If you want a job working with computers that will be in demand for years to come, you may want to consider a career in billing and coding. According to the U.S. Bureau of Labor and Statistics, this field is projected to grow 21 percent faster than the average for other industries. Medical records and health information technicians manage and organize data by ensuring its accuracy and accessibility within the confines of strict privacy laws.
Billing and coding specialists are responsible for managing an entire network of private and complex information. Any bachelor's degree in billing and coding will require students to take management classes so they can be proficient in overseeing various database systems. Chancellor University's B.S. degree program in billing and coding requires students to take classes called Strategic Management Decisions and Administrative Management. These courses provide students with the managerial skills needed to keep the various components of their databases current, accurate and appropriate to privacy laws.
Medical Terminology Classes
Medical terminology courses form the foundation of medical billing and coding degree programs because they teach the necessary vocabulary, particularly medical terminology and corresponding codes. Just as a policeman must memorize various codes that represent different crimes and emergencies, a medical billing and coding specialist must learn the codes that represent illnesses, diagnoses and medications. Medical terminology must be learned so it can be coded properly into a hospital's database, and thus medical terminology is an important part of the degree program.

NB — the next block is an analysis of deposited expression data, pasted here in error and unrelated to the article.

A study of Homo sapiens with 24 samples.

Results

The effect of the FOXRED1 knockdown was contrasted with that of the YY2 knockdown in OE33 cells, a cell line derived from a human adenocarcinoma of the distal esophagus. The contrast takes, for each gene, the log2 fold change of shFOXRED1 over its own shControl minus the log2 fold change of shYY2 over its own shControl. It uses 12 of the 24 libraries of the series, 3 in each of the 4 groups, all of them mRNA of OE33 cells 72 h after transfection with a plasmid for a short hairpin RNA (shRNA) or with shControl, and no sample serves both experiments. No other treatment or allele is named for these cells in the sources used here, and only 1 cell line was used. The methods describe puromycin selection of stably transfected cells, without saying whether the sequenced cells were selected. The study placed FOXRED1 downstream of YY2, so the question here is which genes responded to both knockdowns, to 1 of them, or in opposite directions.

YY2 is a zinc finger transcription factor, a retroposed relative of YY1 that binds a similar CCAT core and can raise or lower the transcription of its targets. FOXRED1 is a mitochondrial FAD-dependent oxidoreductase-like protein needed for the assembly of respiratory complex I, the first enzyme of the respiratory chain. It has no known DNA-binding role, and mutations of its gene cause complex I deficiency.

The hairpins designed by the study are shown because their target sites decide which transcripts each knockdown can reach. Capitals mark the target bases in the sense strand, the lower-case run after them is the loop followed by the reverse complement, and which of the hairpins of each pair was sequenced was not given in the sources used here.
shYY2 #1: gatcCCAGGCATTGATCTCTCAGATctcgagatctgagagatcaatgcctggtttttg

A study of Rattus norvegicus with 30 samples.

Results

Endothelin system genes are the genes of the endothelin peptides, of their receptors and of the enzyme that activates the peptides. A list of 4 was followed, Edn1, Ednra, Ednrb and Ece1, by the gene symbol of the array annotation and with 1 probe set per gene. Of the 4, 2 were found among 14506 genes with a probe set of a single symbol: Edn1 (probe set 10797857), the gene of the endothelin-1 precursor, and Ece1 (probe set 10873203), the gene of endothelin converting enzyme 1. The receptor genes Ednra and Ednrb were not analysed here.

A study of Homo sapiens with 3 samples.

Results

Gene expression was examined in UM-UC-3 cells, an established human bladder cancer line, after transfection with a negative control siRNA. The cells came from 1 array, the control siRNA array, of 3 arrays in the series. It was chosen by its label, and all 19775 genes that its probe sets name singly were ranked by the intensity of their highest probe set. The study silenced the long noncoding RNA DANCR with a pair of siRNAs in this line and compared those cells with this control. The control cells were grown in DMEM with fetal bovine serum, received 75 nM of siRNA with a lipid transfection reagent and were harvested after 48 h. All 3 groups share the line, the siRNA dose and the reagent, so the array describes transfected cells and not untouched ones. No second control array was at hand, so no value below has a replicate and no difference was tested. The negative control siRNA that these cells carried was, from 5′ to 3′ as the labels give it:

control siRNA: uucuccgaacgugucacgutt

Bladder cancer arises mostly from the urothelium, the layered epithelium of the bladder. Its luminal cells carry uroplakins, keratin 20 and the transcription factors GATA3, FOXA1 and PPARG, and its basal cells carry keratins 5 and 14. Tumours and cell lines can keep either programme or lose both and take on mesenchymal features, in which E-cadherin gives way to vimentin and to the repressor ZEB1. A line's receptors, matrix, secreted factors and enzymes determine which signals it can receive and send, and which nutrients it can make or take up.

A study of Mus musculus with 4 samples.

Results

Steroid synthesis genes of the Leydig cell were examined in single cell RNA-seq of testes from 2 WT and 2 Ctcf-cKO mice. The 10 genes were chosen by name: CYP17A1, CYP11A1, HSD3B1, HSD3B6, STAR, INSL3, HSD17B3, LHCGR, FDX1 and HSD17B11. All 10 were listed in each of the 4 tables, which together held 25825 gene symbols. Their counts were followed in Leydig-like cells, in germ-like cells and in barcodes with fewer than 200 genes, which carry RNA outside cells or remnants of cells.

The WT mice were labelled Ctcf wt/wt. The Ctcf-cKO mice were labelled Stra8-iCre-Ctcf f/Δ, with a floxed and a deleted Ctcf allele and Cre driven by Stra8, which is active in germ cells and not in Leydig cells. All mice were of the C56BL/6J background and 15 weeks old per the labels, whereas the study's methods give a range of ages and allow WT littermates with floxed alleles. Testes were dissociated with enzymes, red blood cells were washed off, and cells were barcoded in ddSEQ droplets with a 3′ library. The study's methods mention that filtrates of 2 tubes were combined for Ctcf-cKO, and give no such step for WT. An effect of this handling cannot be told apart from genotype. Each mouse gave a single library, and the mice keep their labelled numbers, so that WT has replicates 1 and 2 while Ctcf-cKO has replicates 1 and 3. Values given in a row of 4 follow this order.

Information technology, or IT, is an important class in any undergraduate billing and coding degree program. A billing and coding specialist must be fluent in information systems and technology for health care. A class in IT teaches students how to navigate, communicate and maintain the technology systems found in hospitals, practitioner's offices, physician offices, clinics and a number of other environments where billing and coding specialists are employed.
You will be hard pressed to find a degree program in medical billing and coding that doesn't require a class in the legal aspects of healthcare. If a physician doesn't adhere to privacy act laws and policies, he can be sued and even face losing his medical license. One legal area students explore is the Health Insurance Portability and Accountability Act, or HIPAA -- a law enforced by the Office for Civil Rights that protects the "privacy of individually identifiable health information." It also teaches students how to adhere to the HIPAA Security Rule, which "sets national standards for the security of electronic protected health information."